Gradkowski, who replaces struggling former No. 1 overall pick JaMarcus Russell, said he's comfortable enough with the Raiders' playbook that there won't be a need to make any alterations.
"There might be a couple tweaks here and there, but we're just going to run the offense, do what we do and try to make some plays," Gradkowski said Thursday. "We have a lot of weapons. We just have to stay on course, keep doing what we're doing, keep working hard and things will fall into place."
Gradkowski will be making just the 13th start of his NFL career Sunday against Cincinnati when Oakland tries to halt a three-game losing streak. The journeyman quarterback has played in two games this season, both times coming in relief of Russell.
In last week's 16-10 loss to Kansas City, Gradkowski replaced Russell in the second half and led a late drive deep into Chiefs territory before he threw a pass that bounced off the chest of rookie wide receiver Darrius Heyward-Bey and was intercepted.
Despite the turnover, Gradkowski did enough in that game to convince coach Tom Cable and owner Al Davis to make a change and bench Russell, who has completed just 47.1 percent of his passes this season while garnering a meager 47.9 rating.
Cable made it clear he doesn't view this as a one-game tryout, either. Gradkowski will be the Raiders' starting quarterback for the foreseeable future while Russell serves as the primary backup this week against the Bengals.
"It's good knowing it's for the rest of the season but you also just have to take it one game at a time," Gradkowski said. "In this league, you just have to focus on one week at a time and take it as it comes. That's all I'm doing right now."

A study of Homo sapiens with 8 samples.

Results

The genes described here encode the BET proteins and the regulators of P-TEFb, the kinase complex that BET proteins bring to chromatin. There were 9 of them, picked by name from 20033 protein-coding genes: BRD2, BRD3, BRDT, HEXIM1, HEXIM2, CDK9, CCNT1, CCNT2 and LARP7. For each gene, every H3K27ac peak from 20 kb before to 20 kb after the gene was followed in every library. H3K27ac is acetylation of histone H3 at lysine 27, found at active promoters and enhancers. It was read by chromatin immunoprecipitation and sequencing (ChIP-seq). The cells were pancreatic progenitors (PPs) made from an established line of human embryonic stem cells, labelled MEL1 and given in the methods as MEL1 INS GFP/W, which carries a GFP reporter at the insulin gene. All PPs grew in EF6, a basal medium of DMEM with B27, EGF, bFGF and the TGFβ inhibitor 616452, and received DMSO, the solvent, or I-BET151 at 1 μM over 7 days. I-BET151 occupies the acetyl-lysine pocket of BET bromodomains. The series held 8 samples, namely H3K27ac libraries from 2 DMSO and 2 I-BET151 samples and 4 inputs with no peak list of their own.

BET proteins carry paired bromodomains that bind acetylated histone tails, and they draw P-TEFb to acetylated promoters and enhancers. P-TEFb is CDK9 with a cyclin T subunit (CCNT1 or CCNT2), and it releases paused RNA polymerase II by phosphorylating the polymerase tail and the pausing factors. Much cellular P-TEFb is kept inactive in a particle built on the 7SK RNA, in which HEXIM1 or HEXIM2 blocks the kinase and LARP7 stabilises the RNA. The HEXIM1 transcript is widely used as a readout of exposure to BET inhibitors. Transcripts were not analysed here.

The Raiders believe Gradkowski can add a spark to an offense that ranks at or near the bottom of every meaningful offensive category and has scored just seven offensive touchdowns all season. Oakland is averaging just 222 yards a game and has 21 turnovers, second-most in the NFL.
At the same time the coaching staff hopes the time off will benefit Russell, the No. 1 overall pick in 2007.
Russell, who has kept a low profile since getting benched against the Chiefs, has thrown for only 1,067 yards with two touchdowns and nine interceptions. He's been booed at every home game since the season-opener against San Diego while Gradkowski has been greeted with rousing cheers in the two games he replaced Russell.
Russell wasn't available for comment this week but stayed after practice Thursday to get extra work in with some of the Raiders' receivers.
"Sometimes to step back and watch and see can be very positive," said Ted Tollner, Oakland's passing game coordinator. "I've seen where it happened to veteran guys where it turned out being positive, but it definitely can help a younger guy who hasn't really gotten that many years and that many games behind him to stand back and watch the game and look at it from that perspective."
Part of the problem for Oakland has been a serious lack of production from its wide receivers. Heyward-Bey, the seventh overall selection in the draft last April, has just six catches for 96 yards while fellow rookie Louis Murphy has 16.
Chaz Schilens, who missed the first eight games of the season while recovering from a foot injury suffered in training camp, provided a little boost against the Chiefs last week.
Gradkowski started 11 games as a rookie in Tampa Bay in 2006 but fell out of favor quickly, playing in four games as a backup the following season. He signed with the St. Louis Rams prior to the 2008 season but was cut in training camp then signed with Cleveland, where he spent most of his time on the bench.
Gradkowski is more mobile and agile than Russell but Cable said the change at quarterback won't alter the offense.
"Because there's so many others involved, we need to stay the course," Cable said.